Paradise, says the frazzled family man played by George Clooney in “The Descendants,” can go hang itself.
Of course, he doesn’t say “hang.” You wouldn’t either, if you had this guy’s troubles.
Clooney, ever the perfect hybrid of leading man and character actor, is splendid as a husband and father unprepared for the losses coming his way in Alexander Payne’s rich, bittersweet film.
The star plays Matt King, a real-estate lawyer, descendant of Hawaiian royalty and missionaries, and emotionally distant father of two troubled girls. A boating accident (cleverly suggested but not shown in the film’s opening seconds) leaves his wife in an irreversible coma and Matt with a shattered family.
The pull-the-plug decision is out of his hands -- Elizabeth (Patricia Hastie, vegetative for most of the film) signed a living will -- but Matt has another dilemma consuming him.
As the majority stakeholder in an ancestral trust, Matt has final say in the disposition of 25,000 acres of virgin Hawaiian land, a parcel of paradise that has developers and Matt’s fellow descendants already counting their fortunes.
Don’t be fooled, warns narrator Matt, by the casual attire of the cousins who by genetic luck alone will inherit this chunk of heaven on earth. “In Hawaii,” he says, “some of the most powerful people look like bums and stuntmen.”
With observations like that, folks in “The Descendants” ring as true as the wine snobs of Payne’s 2004 “Sideways.” Working from Kaui Hart Hemmings’s novel, Payne sets the film’s early scenes in a typically overlooked Hawaii of city streets and suburban tracts.
This is a real place, says Matt, where cancer is no less fatal than anywhere else.
Payne toys with expectations in other ways, too. The standard weepie formula is dashed when daughter Alexandra (Shailene Woodley), 17 and angry, tearfully and cruelly informs Matt that not-so-likeable mom was having an affair before the accident.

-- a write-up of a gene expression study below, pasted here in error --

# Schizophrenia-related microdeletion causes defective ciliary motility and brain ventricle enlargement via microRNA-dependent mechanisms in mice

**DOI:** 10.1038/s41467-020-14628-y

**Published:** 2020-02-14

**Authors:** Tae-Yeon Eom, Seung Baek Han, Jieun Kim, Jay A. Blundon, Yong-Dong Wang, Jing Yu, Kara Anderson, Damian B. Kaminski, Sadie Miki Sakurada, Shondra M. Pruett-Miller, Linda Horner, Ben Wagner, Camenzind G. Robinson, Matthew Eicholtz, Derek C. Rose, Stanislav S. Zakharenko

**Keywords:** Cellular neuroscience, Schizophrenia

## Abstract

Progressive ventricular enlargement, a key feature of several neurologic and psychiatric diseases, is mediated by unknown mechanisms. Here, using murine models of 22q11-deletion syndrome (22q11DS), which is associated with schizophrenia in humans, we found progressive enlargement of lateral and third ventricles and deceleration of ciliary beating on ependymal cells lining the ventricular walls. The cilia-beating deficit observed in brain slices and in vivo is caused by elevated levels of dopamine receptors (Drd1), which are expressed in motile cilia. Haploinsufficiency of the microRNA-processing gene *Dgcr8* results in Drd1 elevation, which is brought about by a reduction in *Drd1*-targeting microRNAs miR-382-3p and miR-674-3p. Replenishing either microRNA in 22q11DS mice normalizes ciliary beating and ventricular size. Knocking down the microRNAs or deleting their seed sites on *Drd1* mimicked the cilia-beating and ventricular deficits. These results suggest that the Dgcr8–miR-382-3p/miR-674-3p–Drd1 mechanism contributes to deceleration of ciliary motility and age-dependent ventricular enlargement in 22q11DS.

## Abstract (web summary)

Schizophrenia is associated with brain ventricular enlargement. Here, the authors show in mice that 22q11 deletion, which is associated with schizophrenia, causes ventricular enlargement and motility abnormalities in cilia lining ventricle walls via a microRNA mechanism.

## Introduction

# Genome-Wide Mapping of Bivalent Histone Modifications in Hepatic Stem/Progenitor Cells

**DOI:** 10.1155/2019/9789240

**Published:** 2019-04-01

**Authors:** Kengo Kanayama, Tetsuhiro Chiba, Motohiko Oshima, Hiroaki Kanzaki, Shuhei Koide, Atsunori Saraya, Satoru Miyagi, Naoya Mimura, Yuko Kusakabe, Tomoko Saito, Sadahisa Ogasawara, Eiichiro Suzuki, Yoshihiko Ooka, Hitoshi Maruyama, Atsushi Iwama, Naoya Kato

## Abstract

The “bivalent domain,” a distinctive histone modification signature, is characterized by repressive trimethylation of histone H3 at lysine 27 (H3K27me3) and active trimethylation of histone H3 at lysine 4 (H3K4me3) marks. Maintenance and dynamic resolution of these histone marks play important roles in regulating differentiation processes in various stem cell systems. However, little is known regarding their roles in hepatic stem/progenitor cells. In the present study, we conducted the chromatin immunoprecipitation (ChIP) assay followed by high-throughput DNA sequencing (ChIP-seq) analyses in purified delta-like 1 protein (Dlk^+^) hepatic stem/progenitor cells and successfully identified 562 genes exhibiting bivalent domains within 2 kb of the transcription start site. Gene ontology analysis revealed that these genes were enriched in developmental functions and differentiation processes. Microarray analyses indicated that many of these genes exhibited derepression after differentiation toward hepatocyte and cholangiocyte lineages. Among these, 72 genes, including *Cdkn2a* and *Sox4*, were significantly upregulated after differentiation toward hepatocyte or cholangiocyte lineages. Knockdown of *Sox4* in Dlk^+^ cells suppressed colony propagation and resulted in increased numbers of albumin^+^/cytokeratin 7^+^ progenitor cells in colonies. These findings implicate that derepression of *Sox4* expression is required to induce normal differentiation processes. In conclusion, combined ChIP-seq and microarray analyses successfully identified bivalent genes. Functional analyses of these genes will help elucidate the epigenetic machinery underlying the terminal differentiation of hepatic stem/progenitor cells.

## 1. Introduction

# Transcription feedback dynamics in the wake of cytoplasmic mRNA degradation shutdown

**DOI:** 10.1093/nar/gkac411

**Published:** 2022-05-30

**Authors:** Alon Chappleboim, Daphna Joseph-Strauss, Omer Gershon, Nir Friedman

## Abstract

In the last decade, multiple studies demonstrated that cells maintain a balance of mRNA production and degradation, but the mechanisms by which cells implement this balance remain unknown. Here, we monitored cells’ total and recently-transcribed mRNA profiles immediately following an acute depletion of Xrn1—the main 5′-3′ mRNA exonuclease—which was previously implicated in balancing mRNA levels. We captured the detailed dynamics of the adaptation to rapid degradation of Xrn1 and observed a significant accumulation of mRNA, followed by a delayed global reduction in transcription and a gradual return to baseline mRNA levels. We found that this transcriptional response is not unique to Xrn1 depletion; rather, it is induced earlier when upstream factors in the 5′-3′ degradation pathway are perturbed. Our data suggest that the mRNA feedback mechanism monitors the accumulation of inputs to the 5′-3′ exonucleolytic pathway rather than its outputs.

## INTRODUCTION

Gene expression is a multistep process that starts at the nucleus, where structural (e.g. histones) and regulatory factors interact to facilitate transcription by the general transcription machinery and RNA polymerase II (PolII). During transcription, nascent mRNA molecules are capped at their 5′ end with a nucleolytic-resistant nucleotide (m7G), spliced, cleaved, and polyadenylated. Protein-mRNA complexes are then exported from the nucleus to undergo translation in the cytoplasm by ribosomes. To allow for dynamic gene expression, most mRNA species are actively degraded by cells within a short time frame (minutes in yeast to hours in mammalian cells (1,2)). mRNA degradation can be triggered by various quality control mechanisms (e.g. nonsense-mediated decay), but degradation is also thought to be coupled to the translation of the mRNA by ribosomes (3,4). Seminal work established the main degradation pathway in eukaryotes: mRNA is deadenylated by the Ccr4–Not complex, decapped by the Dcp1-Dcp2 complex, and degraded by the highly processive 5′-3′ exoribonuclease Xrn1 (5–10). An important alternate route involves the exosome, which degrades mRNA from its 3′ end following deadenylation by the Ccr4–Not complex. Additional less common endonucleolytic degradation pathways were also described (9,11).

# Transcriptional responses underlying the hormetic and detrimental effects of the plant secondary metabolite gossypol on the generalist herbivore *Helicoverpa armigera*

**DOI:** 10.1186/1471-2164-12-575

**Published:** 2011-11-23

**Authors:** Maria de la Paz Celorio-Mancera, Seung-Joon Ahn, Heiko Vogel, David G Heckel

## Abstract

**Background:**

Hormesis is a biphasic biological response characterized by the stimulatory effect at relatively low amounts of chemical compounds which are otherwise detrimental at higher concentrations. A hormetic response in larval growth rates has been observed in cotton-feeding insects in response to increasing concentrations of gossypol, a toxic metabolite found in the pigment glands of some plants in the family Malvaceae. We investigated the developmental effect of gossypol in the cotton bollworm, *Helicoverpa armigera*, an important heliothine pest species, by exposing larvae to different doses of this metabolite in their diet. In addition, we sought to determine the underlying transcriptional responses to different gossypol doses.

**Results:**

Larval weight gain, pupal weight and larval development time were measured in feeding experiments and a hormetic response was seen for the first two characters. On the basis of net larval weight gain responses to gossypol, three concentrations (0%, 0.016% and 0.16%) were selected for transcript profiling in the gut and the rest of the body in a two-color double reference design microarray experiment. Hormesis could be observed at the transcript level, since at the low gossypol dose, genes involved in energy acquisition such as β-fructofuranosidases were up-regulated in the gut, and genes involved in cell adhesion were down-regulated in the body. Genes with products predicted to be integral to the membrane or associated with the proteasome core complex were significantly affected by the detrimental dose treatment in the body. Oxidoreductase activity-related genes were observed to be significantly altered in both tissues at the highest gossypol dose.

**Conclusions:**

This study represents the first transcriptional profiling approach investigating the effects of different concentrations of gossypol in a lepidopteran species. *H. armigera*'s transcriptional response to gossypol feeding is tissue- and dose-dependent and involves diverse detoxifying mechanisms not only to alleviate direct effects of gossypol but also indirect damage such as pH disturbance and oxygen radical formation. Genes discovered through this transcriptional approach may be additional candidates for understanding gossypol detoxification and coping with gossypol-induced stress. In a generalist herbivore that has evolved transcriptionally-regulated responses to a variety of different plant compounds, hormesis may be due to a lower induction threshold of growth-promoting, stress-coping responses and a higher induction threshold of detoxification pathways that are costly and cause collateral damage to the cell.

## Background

That revelation sets the film’s road trip in motion. Matt, Alexandra, the unknowing 10-year-old Scottie (Amara Miller) and Alexandra’s stoner buddy Sid (Nick Krause) island hop in search of Elizabeth’s lover.
Matt ostensibly wants to invite him to bid her adieu -- an attempt at selflessness after years of negligence -- but even the dopey Sid (“a hundred miles from smart,” Matt says) senses something more primal in the need to put a face on betrayal.
As morose as it sounds, “The Descendants” is as funny as it is poignant, recalling “Terms of Endearment” in its easy shifts from laughter to the sterile ache of a hospital room. Payne’s script (co-written with Nat Faxon and Jim Rash) is peppered with smart, telling jibes. “Alex is home from school,” Matt tells his unconscious wife. “Try to be nice.”
Poor Elizabeth. In a running joke, one character after another dissolves over her motionless body into lacerating rage. “I’m sorry we weren’t good enough for you” is all the niceness Alexandra can muster -- at least initially.
After the early surprises, “The Descendants” ambles into more predictable territory, dropping a step behind an audience that might be over-prepared for the oncoming catharsis.
The King family’s trajectory, Matt’s decision about that Edenic ancestral legacy, even the latent charms of the goofy Sid seem as inevitable, if completely earned, as Clooney’s awards- season tux.
What the Stars Mean: **** Excellent *** Good ** Average * Poor (No stars) Worthless
(Greg Evans is a critic for Muse, the arts and leisure section of Bloomberg News. Opinions expressed are his own.)